Confucius - The Doctrine of the Mean - 07
Type of Spiritual Experience
sincerity sɪnˈsɛrəti/ noun
the absence of pretence, deceit, or hypocrisy
A description of the experience
500 BC THE DOCTRINE OF THE MEAN Confucius translated by James Legge 
When we have intelligence resulting from sincerity, this condition is to be ascribed to nature; when we have sincerity resulting from intelligence, this condition is to be ascribed to instruction. But given the sincerity, and there shall be the intelligence; given the intelligence, and there shall be the sincerity.
It is only he who is possessed of the most complete sincerity that can exist under heaven, who can give its full development to his nature. Able to give its full development to his own nature, he can do the same to the nature of other men. Able to give its full development to the nature of other men, he can give their full development to the natures of animals and things. Able to give their full development to the natures of creatures and things, he can assist the transforming and nourishing powers of Heaven and Earth. Able to assist the transforming and nourishing powers of Heaven and Earth, he may with Heaven and Earth form a ternion.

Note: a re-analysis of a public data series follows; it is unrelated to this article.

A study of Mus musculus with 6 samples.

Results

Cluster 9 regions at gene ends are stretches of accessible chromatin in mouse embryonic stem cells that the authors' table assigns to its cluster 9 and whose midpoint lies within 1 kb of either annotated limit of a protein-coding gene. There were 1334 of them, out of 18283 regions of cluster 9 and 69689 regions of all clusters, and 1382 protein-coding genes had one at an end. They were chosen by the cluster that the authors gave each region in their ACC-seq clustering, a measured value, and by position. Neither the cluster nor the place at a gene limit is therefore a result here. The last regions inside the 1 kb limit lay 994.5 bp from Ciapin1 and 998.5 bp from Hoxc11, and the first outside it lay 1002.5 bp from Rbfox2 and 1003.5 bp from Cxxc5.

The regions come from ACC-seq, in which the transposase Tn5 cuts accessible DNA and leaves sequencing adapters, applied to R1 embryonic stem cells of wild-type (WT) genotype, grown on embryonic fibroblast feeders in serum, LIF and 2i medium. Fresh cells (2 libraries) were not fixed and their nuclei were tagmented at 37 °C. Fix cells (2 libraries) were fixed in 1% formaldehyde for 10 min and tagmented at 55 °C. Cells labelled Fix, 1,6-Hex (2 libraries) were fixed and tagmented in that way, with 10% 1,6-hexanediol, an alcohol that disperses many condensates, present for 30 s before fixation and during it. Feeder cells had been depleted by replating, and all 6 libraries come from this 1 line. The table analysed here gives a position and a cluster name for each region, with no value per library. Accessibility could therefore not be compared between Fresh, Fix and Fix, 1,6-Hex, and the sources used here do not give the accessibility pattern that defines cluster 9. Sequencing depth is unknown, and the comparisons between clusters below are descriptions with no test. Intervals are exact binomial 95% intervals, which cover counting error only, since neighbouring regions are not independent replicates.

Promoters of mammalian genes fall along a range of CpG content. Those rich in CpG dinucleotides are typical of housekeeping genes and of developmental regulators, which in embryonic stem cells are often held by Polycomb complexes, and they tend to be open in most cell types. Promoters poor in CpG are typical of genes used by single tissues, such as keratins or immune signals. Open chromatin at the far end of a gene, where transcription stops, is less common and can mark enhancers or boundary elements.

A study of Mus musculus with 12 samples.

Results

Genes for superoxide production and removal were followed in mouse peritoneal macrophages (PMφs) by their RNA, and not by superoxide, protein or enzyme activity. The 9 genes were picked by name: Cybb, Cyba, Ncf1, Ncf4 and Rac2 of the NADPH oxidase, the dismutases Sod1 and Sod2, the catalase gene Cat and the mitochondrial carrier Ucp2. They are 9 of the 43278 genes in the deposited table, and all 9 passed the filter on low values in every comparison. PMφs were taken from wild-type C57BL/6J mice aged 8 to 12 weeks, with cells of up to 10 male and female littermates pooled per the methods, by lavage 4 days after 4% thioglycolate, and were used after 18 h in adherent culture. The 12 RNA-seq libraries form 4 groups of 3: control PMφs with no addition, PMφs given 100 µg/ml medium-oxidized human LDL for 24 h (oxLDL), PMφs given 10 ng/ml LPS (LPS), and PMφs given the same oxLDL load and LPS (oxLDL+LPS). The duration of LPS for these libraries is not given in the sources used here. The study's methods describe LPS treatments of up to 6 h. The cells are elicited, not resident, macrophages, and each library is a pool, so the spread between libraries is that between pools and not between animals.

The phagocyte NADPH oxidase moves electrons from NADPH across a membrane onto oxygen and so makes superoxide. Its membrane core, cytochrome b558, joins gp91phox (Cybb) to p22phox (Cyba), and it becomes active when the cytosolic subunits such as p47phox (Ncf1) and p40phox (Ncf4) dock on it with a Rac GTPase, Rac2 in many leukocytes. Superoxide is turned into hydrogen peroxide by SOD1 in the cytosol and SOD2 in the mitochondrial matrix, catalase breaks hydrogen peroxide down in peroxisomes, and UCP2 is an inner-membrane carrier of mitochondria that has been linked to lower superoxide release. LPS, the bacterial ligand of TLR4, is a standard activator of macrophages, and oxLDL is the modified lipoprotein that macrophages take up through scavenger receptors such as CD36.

Next to the above is he who cultivates to the utmost the shoots of goodness in him. From those he can attain to the possession of sincerity. This sincerity becomes apparent. From being apparent, it becomes manifest. From being manifest, it becomes brilliant.
Brilliant, it affects others. Affecting others, they are changed by it. Changed by it, they are transformed. It is only he who is possessed of the most complete sincerity that can exist under heaven, who can transform.
It is characteristic of the most entire sincerity to be able to foreknow. When a nation or family is about to flourish, there are sure to be happy omens; and when it is about to perish, there are sure to be unlucky omens. Such events are seen in the milfoil and tortoise, and affect the movements of the four limbs. When calamity or happiness is about to come, the good shall certainly be foreknown by him, and the evil also. Therefore the individual possessed of the most complete sincerity is like a spirit.
Sincerity is that whereby self-completion is effected, and its way is that by which man must direct himself.
Sincerity is the end and beginning of things; without sincerity there would be nothing. On this account, the superior man regards the attainment of sincerity as the most excellent thing.